Newsletter

February 2013

"February is Heart Health Month"

Stay Healthy. Live a good life.

Much of heart disease is preventable. Smoking is the most important preventable cause of premature death in the United States. Research studies have shown that obesity is one of the risk factors that can be changed in order to help decrease your risk of having a stroke. Chronic stress may cause an increase in heart rate, and blood pressure may damage the artery walls, leading to heart disease.

In the last ten years, more than 627,000 women's lives have been saved, and 330 fewer women are dying per day. Women have become more aware of their greatest health risk. When Go Red For Women began, only 13 percent of women identified heart disease as their No. 1 killer; now 54 percent of women know that heart disease is the leading killer of women.

Heart disease still causes one in three women's deaths in the U.S. With the right information, education and care, heart disease in women can be treated, prevented, and even ended. To learn more about National Wear Red Day and the Go Red For Women movement, visit www.GoRedforWomen.org.

A few simple habits will put you on the road to a heart-healthy lifestyle.

Quit Smoking

Eat Well

Reduce Stress

Lose weight

Stay Active

Know Your Heart Score

To Your Health!

Debi


"Beautify your yard while getting in shape" is a Seattle Times Health article by Dean Fosdick about gardening as a way to stay fit.

"ObamaCare's Health-Insurance Sticker Shock" by Merrill Mattews and Mark E. Litow.


Congenital Heart Defect Awareness Week, February 7th throuth 14th

Eating Disorder Awareness Week, February 24th through March 4th

Low Vision Awareness Month

National Donor Day, February 14th

National Wear Red Day, February 1st

 

Recipe of the Month

Clam Linguine

This dish is easy to make. It's another winter favorite in my home. The dried chili pepper gives this dish just the right amount of spice to give a little zip to the broth.

½ cup extra virgin oil, plus 1Tbsp.
1 tsp. dried chili pepper
1 large sweet onion, finely chopped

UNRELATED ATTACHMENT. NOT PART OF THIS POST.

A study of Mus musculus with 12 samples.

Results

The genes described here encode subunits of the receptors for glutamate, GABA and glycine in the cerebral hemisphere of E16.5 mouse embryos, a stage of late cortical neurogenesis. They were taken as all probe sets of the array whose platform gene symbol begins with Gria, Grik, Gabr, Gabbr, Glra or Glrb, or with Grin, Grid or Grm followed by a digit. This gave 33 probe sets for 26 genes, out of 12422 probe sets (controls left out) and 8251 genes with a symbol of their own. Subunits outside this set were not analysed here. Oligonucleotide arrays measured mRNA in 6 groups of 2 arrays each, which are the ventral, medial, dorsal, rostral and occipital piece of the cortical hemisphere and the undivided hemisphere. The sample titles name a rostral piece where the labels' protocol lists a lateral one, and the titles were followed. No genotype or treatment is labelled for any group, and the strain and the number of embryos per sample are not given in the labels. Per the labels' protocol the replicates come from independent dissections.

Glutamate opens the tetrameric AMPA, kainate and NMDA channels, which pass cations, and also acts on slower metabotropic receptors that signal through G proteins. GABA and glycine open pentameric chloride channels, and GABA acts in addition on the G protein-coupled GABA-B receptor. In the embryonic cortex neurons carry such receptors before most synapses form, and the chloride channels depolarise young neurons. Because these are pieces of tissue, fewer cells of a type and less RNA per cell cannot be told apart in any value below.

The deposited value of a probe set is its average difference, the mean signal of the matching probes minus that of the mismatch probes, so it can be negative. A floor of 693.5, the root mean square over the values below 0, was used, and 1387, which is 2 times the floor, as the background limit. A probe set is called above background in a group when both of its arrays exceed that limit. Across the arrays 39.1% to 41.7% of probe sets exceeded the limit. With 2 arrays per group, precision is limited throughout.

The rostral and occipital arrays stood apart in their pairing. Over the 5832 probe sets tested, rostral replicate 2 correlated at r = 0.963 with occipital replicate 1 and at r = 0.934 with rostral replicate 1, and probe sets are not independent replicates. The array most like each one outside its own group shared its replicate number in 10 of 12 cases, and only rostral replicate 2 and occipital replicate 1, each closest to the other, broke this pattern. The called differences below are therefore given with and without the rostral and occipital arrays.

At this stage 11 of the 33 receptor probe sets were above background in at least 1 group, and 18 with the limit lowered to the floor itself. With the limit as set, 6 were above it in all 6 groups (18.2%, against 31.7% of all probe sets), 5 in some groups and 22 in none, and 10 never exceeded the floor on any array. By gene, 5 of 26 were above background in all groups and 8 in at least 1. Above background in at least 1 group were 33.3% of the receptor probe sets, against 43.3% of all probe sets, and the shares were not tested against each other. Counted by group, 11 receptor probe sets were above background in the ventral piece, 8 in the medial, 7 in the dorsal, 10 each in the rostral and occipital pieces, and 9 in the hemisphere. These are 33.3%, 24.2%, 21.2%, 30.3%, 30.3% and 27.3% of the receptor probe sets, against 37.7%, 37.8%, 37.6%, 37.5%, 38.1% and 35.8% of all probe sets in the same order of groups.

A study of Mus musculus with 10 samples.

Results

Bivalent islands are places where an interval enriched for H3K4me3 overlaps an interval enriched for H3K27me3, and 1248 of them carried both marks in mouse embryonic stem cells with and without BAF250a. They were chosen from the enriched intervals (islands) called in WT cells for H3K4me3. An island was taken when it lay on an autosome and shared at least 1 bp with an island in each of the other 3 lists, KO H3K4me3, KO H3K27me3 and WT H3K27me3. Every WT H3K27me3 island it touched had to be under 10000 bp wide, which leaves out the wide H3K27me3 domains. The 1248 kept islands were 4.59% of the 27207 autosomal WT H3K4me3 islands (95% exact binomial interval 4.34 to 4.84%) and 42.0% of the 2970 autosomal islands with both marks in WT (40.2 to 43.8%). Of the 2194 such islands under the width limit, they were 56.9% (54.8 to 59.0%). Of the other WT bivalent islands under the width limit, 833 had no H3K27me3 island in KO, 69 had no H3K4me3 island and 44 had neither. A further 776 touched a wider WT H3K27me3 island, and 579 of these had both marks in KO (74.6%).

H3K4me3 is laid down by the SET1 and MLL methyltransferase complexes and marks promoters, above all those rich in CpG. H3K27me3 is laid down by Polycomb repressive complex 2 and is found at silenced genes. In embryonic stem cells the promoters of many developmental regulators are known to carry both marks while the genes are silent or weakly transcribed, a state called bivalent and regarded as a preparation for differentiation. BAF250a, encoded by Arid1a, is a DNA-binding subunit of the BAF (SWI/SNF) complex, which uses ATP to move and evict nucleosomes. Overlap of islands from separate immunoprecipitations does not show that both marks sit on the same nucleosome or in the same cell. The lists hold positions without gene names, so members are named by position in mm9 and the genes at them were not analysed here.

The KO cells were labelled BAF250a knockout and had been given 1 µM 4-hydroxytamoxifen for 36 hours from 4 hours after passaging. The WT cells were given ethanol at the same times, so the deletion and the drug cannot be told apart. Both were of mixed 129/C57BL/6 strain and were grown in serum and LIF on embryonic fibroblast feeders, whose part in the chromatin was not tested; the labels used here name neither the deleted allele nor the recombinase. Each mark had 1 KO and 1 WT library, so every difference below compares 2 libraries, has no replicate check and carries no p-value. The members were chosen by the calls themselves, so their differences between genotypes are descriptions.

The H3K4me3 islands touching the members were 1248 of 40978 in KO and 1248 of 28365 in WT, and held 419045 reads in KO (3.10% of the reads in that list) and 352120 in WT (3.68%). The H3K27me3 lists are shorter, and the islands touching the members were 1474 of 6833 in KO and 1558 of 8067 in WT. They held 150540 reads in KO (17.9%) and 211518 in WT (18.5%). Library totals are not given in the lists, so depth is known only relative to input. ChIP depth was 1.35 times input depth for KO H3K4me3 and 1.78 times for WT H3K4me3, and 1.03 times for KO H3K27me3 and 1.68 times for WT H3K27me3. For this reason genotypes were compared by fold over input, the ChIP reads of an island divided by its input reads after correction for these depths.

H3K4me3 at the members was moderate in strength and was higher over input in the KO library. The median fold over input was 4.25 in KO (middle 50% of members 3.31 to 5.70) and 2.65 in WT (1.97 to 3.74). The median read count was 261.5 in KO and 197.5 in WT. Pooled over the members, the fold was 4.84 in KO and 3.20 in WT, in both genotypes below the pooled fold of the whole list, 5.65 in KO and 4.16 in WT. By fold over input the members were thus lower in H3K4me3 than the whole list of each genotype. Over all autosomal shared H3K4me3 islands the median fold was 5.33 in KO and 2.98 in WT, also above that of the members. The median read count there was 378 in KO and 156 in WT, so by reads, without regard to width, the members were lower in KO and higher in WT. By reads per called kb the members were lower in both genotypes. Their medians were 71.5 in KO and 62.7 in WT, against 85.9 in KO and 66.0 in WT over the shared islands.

4 garlic cloves, minced
½ cup fresh basil leaves, chopped
(or 1 Tbsp. dried)
1 Tbsp. dried oregano
Dash of salt and pepper-to taste
½ cup white wine
2 Tbsp. butter
3 dozen clams, scrubbed
½ cup bottled clam juice
1 lb. linguine
Grated Romano or Parmesan Cheese

Place scrubbed clams in a bowl of cold water to cover.

In a large, deep stainless steel sauté skillet, add ½ cup olive oil and heat on low. Add the dried chili pepper, onion, and garlic. Cook slowly for about 15 minutes on low-medium heat or until onions are limp and golden.

Bring a large pot of salted water to boil for pasta. Add 1 Tbsp. of olive oil. Cook Linguine until al dente--about 6 to 7 minutes.

Add the basil, oregano, salt, pepper, wine, and clam juice to the skillet with the onions. Simmer until the liquid has reduced a bit. Add the cleaned clams (drained) and 1 Tbsp. of the remaining butter.

Cover with a tight fitting lid, and turn heat to low until clams open.

Drain pasta, and transfer to a warm bowl. Toss with 1 Tbsp. of butter.

Add clams and broth mixture.

Sprinkle generously with grated cheese, and serve.

Enjoy!

Clams are a good source of complete protein, meaning they provide all nine essential amino acids that your body cannot. A 3 oz. serving of steamed clams provides 21.7g of protein, and has 57mg of cholesterol.

Steamed clams also provide zinc, a mineral that promotes immune function, and is essential for energy metabolism. Clams are also rich in iron and vitamin B12. Steamed clams have a small amount of fat, most of which is heart-healthy, polyunsaturated fat.